Those aches and creaks when you roll over in the morning can often become more common as the years go by. Age-related changes in your bones, muscles and joints are a fact of life, but they’re also preventable – don’t assume that those creaking noises and pain are an inevitable part of aging. There are many things you can do to prevent pain, as well as reduce your risk for diseases like osteoporosis and arthritis.
As we age, our muscle and joint tissue changes, becoming thinner and more brittle. Certain diseases and conditions can affect the structure of your bones and muscles as well, including osteoporosis, osteoarthritis, and rheumatoid arthritis. That can mean joint pain, inflammation, stiffness, and deformity – as well as a significant risk of falls and fractured bones.
You can stay active and help minimize bone and joint problems by following some simple nutrition and lifestyle guidelines – and by seeing your doctor regularly for screening tests to determine your risk for diseases that affect the bones and muscles. If diagnosed early, the effects of these diseases can be slowed, though lost bone and muscle matter cannot be regenerated.
Risk factors for osteoporosis can be minimized: by eating a diet rich in calcium (i.e., at least 1,000 mg/day for adults up to age 50, and 1,200-1,500 for those over age 65) and vitamin D, and avoiding smoking and excessive alcohol consumption.
In addition to good nutrition, weight-bearing exercise can lower your risk level for osteoporosis and related diseases: walking, hiking, jogging, climbing stairs, lifting weights or dancing.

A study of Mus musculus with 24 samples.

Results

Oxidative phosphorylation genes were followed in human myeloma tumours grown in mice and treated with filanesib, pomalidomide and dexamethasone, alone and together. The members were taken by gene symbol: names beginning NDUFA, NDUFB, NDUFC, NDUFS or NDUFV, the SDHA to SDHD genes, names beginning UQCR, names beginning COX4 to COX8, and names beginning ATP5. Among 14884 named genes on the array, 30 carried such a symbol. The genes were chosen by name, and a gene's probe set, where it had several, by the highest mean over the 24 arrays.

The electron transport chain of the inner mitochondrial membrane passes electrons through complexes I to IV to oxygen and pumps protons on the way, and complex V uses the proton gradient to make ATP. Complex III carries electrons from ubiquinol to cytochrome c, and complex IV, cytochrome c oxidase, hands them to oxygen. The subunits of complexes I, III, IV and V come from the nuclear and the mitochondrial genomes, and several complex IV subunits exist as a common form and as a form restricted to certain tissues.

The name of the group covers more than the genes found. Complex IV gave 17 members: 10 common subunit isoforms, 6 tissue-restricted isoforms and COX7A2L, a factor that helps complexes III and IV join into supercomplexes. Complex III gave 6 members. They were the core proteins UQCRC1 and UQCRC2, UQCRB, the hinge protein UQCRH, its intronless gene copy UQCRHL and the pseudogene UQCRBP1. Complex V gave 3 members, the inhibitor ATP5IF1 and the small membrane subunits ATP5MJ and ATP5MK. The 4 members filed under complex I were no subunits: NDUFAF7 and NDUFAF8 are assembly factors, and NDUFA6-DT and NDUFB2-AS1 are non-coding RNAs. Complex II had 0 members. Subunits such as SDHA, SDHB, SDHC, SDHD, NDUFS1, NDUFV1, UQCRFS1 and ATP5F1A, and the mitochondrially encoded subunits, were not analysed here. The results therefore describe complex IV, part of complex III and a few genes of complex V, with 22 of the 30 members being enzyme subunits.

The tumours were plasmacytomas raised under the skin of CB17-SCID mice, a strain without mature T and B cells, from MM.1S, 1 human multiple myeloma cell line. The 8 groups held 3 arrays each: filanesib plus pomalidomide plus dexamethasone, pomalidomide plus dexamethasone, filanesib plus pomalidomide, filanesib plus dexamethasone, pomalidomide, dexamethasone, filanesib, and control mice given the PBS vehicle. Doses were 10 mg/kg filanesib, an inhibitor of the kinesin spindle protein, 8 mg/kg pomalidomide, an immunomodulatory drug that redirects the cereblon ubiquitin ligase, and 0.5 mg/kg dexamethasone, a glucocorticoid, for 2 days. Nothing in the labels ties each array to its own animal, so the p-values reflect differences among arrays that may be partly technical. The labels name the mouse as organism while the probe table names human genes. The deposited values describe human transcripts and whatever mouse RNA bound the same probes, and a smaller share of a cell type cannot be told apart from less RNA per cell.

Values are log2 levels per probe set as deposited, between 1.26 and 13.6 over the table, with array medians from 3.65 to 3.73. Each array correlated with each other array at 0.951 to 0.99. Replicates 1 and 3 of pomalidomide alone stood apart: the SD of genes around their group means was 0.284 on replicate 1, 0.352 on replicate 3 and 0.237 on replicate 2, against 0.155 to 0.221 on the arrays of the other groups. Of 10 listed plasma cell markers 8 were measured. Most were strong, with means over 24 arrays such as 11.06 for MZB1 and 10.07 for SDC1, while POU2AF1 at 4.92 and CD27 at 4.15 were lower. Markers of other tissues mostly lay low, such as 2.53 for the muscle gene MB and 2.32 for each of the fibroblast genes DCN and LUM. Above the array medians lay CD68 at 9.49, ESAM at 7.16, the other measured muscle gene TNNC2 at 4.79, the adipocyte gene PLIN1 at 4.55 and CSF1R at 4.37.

Healthy bones are just one part of the fitness equation. Your joints and soft tissues provide the support and cushioning you need to stay active, so it’s important to take good care of them, too. If you’re an athlete, you may have experienced more than your fair share of wear and tear. The good news is, the benefits of exercise outweigh the minuses of impact-bearing activities, and actually help keep your bones and joints healthy.
Exercises that are kind on our joints include swimming, yoga and bicycling. Activities that emphasize range of motion, strength development and endurance help preserve good joint function. Stay away from high-impact and competitive sports such as step aerobics, soccer, running, skiing, basketball and softball. These types of exercise can often result in injuries and can be hard on your joints.
Joint pain and inflammation happens as the cartilage and other soft tissues in between our bones become less elastic as we age, or are injured. Arthritis – the leading cause of mobility problems among Americans age 15 and up – can develop at any age, but is most common among adults age 65 or older. The two most common forms are osteoarthritis, which primarily affects our weight-bearing joints such as knees and hips, or hands; and rheumatoid arthritis, which impacts other joints. By maintaining an appropriate body weight, you can limit unnecessary stress on your joints, particularly the hips and knees.
It is also important to follow your doctor’s recommendations for necessary screenings, such as a bone density test, which determines your bone mass and likelihood of developing osteoporosis. All women 65 years and older should have this test, as well as women or men age 50 or older who have a broken bone or one or more known risk factors.
Finally, over-the-counter medications may relieve symptoms of joint pain and decrease further degeneration of cartilage. Joint replacement surgery is an option, although it is generally discussed when other methods of pain control and mobility improvement have failed.
Caring for your bones and joints is a lifelong journey, and it’s imperative to be proactive: eating right, getting plenty of exercise, and safeguarding against injury. By doing the right things now, patients reap the benefits of staying pain-free and active, later in life.
(Editor’s Note: José Alicea, M.D. is a board-certified orthopedic surgeon practicing with Northwest Allied Physicians. He is a member of the medical staff at Northwest Medical Center and Oro Valley Hospital. The office phone is 520-382-3050 or www.mytucsondoc.com.)